Transparency International (TI) released its eighth annual progress report on the enforcement of the OECD Anti-Bribery Convention today.

The progress report represents an independent assessment of the status of OECD enforcement, based on reports from TI national chapters in 37 OECD Convention countries. Countries are classified in four enforcement categories this year: active, moderate, little, and no enforcement.

No surprise that the United States topped the list with the most cases, followed by Germany.

There are a couple of notable developments. One is that there was a substantial increase in the number of cases brought by countries in the active enforcement category. Another positive development is that three countries, Australia, Canada, and Austria moved up to the moderate enforcement category.

While some countries increased their enforcement, only seven countries out of 37 reviewed made the list of active enforcers and this number has not changed since 2009. According to TI, for the Convention to reach the tipping point, there needs to be active enforcement in six to ten additional countries. Active enforcement of the Foreign Corrupt Practices Act by the U.S. has led to substantial improvements in the compliance programs of the companies subject to it. If there were comparable enforcement by other countries, their companies would be motivated to respond in a similar fashion.

There are 18 countries in the little and no enforcement categories and these include countries like New Zealand, Chile, and Luxembourg with high scores on TI’s Corruption Perception Index (CPI) and high standards for integrity in their own countries. Given the magnitude of global corruption, the detrimental consequences of bribery in countries where the bribes are paid, and the damage caused to honest businesses, urgent action is needed by the laggard countries. Major economies like China, India, and Indonesia should sign the Convention as recommended by the G20 and submit themselves to the peer review mechanism. Further, Governments should also resist business pressure to relax enforcement.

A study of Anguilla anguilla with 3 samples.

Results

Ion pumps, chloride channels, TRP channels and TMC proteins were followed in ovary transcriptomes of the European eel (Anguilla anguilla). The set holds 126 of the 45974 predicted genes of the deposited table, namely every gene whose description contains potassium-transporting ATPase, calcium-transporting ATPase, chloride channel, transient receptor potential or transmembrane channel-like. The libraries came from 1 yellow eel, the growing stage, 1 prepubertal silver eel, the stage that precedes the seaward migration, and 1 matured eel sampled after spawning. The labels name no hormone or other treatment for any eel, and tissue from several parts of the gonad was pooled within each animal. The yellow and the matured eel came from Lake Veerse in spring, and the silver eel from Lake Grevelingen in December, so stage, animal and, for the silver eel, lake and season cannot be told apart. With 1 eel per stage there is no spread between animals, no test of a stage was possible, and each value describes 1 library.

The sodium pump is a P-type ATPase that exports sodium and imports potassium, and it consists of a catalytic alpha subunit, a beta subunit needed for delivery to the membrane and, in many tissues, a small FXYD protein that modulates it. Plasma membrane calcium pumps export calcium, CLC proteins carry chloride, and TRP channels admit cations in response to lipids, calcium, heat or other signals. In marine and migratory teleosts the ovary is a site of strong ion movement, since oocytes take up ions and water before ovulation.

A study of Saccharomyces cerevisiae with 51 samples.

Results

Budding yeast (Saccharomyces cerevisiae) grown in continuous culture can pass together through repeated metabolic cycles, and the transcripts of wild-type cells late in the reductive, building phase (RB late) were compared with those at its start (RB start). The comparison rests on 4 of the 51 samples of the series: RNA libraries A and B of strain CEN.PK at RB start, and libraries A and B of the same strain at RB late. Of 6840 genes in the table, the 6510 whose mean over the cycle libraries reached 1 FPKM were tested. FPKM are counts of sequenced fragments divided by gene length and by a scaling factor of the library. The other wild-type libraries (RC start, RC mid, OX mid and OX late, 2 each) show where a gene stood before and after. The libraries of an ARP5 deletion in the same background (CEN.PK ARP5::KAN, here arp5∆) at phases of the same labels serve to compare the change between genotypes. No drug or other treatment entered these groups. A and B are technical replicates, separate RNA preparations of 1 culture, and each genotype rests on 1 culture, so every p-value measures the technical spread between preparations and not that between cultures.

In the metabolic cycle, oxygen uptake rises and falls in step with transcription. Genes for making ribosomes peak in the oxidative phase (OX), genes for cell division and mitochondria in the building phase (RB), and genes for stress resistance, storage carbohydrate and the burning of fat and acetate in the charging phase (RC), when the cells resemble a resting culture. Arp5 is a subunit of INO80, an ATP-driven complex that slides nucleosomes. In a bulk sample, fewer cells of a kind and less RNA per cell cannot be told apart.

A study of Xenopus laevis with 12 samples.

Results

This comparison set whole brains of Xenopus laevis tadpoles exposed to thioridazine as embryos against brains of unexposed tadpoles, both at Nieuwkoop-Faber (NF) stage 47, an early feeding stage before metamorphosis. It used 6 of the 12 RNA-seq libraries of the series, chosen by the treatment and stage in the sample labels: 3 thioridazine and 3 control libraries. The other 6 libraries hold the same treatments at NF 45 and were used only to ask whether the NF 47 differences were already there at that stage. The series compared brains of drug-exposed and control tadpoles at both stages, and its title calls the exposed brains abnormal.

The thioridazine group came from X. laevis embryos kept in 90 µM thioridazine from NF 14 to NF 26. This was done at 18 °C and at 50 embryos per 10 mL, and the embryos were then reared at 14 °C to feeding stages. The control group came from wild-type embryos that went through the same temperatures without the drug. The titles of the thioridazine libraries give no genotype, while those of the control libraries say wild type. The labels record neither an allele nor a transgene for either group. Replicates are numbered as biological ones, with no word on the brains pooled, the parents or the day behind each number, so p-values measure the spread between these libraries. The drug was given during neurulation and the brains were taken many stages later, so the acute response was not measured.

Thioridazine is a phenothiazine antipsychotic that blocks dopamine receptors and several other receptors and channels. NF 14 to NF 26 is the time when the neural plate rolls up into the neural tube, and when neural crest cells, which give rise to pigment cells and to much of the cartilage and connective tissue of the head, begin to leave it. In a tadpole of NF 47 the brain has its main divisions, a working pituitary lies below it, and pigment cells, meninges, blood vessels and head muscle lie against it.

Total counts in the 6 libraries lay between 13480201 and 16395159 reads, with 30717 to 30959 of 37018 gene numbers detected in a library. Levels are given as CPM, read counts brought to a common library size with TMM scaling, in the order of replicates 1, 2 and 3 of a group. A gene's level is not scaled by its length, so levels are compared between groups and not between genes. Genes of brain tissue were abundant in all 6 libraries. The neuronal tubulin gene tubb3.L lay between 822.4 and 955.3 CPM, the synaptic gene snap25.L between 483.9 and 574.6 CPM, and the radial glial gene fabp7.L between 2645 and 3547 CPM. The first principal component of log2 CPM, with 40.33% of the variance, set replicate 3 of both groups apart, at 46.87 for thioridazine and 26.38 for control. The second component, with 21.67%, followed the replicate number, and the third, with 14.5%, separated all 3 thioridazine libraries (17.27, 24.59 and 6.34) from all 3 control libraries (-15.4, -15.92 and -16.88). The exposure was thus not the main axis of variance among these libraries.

According to Fritz Heimann (TI-USA board member and one of the authors of the TI report), “For the Convention to gain momentum, pressure must be kept up on Governments in countries where the enforcement is inadequate.”  The only way to encourage that is through active engagement by the OECD Secretary General and for other countries who are active enforcers to push other laggard countries to follow suit.

Read the executive summary or download the full report here.


Shruti J. Shah is a contributing editor of the FCPA Blog. She’s a Senior Policy Director at Transparency International-USA, responsible for the promotion of TI-USA’s anti-corruption law and regulation policy agenda. She can be contacted here.